Motorcycle riders should have the right to make their own choice when it comes to wearing a helmet. Period.

That said, in our line of work, we have seen so many good people’s lives changed by traumatic brain injuries after motorcycle crashes that we’re big believers in the benefit of wearing helmets. And this month, Rider Justice is celebrating Motorcycle Awareness Month by giving away a helmet each week! This time, we’ve partnered with Rocky Mountain Harley-Davidson to give more folks the opportunity to have a new helmet for their noggin’.

Our friend Stevie, Apparel Specialist at Erico Motorsports in Denver, recently shared a scary statistic with us: If you are riding 10 miles per hour, and your head hits the ground from 12 inches high (I repeat: TEN miles per hour and twelve INCHES), the impact on your brain is the same as being dropped on your head from a three-story building. (See above video to hear her helmet advice.)

Man riding Ducati motorcycle with helmet

You likely made up your own mind about helmets a long time ago. However, for those of you shopping for a motorcycle helmet, we want you to pick the right one! Here are a few things to consider:

Does My Motorcycle Helmet Fit Right?

When it comes to fit, a new helmet is going to be very snug when you first put it on. Like a pair of jeans, the helmet will form to your head as you wear it more, but you don’t want it to become too loose. So, when putting a new helmet on for the first time, shake your head side-to-side and up-and-down. Does it shake around? It’s too big. You don’t want it so tight that it will give you a headache, but you definitely want it to be snug. As you wear it more, the foam will shape to your head.

Today’s helmets are not your Grandpa’s or Grandma’s helmet. These are high-tech pieces of innovative equipment designed to protect your noggin’ and provide comfort, as well. Here are some other features to consider when buying a helmet:

  • Motorcycle Helmet Ventilation: With Colorado’s fluctuating weather, it’s nice to have the option of airflow around your head during hot days, with the ability to close out the bitter cold during the chilly seasons. The answer: vents!
  • Shape of Your Motorcycle Helmet: That traditional egg shape is common for a reason: you don’t want anything sticking off your head to catch on the pavement (or anything else) if you go down. Avoid cutesy, themed helmets with stuff hanging off of them. Take your brain seriously.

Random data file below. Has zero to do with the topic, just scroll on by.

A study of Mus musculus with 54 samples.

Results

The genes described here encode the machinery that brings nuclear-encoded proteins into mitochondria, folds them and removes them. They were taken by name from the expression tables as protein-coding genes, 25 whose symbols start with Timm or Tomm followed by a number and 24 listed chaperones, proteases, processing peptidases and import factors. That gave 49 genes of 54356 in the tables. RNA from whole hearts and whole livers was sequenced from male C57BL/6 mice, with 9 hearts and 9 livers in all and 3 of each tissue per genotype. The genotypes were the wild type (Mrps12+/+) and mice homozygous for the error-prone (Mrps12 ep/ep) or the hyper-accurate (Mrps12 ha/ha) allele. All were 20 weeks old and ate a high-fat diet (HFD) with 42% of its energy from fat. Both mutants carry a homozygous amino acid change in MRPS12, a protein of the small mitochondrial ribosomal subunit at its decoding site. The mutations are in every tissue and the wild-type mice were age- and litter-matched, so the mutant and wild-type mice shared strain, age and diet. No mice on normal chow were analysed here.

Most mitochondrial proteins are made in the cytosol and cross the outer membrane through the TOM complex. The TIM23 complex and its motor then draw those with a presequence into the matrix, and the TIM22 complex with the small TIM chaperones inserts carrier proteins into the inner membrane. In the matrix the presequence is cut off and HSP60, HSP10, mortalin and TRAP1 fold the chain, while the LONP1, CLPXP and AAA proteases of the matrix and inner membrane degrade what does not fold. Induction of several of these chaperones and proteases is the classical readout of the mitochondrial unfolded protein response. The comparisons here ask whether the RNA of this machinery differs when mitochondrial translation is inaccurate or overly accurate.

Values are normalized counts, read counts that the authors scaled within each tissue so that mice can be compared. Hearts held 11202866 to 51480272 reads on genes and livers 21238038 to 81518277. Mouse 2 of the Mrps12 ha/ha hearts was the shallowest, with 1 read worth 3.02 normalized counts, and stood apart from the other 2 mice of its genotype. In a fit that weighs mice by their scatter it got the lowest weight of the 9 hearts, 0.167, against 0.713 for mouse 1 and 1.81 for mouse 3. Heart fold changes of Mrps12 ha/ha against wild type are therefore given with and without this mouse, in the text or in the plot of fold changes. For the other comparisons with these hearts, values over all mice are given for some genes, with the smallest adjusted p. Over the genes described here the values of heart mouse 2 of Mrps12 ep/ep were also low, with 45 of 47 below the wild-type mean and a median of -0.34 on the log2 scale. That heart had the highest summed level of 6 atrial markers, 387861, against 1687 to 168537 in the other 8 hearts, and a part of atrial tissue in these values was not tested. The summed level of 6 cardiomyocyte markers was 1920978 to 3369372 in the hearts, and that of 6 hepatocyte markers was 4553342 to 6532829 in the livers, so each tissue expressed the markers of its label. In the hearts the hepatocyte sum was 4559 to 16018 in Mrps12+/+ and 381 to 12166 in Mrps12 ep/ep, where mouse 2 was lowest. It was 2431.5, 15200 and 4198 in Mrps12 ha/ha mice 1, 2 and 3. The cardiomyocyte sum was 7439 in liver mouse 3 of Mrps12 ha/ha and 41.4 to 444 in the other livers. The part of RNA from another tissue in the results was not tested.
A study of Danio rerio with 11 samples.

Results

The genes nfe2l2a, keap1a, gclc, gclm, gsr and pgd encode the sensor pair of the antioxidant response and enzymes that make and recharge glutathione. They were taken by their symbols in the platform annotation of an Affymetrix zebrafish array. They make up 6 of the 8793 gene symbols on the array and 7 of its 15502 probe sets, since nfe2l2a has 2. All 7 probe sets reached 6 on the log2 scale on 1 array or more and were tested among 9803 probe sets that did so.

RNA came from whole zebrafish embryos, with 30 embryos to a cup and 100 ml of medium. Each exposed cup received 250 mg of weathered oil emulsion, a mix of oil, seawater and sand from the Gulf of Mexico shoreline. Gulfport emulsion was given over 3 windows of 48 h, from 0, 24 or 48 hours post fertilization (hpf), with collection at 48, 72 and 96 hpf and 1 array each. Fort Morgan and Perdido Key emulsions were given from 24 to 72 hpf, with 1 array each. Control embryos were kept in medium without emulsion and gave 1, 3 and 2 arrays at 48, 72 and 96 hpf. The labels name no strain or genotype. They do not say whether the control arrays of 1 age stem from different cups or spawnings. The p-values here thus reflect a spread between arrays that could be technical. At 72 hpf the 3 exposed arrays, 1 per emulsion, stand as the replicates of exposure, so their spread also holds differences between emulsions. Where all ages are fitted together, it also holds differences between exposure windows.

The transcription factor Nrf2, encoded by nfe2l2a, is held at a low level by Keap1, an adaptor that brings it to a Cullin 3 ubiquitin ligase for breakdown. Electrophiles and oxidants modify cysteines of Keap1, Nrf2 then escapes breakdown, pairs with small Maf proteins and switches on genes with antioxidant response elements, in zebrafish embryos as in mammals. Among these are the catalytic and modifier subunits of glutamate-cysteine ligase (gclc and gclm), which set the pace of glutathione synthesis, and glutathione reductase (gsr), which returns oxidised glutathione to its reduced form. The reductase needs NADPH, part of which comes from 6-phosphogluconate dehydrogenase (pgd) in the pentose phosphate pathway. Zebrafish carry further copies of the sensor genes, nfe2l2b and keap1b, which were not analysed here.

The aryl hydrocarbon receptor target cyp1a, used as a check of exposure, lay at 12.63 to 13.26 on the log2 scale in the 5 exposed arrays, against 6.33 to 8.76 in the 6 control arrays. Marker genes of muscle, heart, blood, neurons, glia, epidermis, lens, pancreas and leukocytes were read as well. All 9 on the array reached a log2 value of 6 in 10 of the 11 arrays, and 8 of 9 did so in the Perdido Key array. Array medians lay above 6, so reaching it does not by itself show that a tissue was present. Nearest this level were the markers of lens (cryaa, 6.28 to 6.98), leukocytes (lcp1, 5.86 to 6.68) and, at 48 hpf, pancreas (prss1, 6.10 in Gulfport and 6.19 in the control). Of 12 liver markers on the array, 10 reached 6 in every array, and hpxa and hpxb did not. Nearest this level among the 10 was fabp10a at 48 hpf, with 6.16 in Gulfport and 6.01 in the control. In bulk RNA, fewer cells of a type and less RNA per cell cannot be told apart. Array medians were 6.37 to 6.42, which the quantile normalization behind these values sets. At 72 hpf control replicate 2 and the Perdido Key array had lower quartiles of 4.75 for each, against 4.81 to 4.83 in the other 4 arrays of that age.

• Full-Face Versus Three-Quarter Face Helmet: Stevie recommends the full-face helmets. Not only because they protect you more in an accident, but because they keep road debris out of your face. Because of that, many people often find full-face helmets more comfortable overall.
Motorcycle Gear

Other Motorcycle Gear to Consider

  • Motorcycle jacket: Today’s motorcycle jackets are as high-tech as helmets. Some are now made with a material called “ballistic nylon!” Others have layers of lightweight padding and armor to keep your body safe. Like helmets, shop for the right fit.
  • Pants: You should always wear long pants when riding. Jeans made of normal denim actually don’t provide much protection at all. Instead, try to find Kevlar-laced denim jeans or pants made from a material called Cordera. Leather is also better than your average denim.
  • Gloves: Some of the most gruesome injuries after motorcycle accidents are to the hands, which often are “degloved” in crashes. That is as bad as it sounds. Make sure to wear hand protection while riding.
  • Boots: Like hands, feet are often overlooked when people are gearing up to ride. But if you imagine your foot coming down onto pavement at high speed, you can imagine the twisting, juddering effect of that impact. Make sure to wear boots that won’t shred and also keep your ankle stable.

If you imagine yourself riding into your old age, make sure you take care of the body that you put on that bike! Give it as much attention as the bike itself. Then get out there and have fun!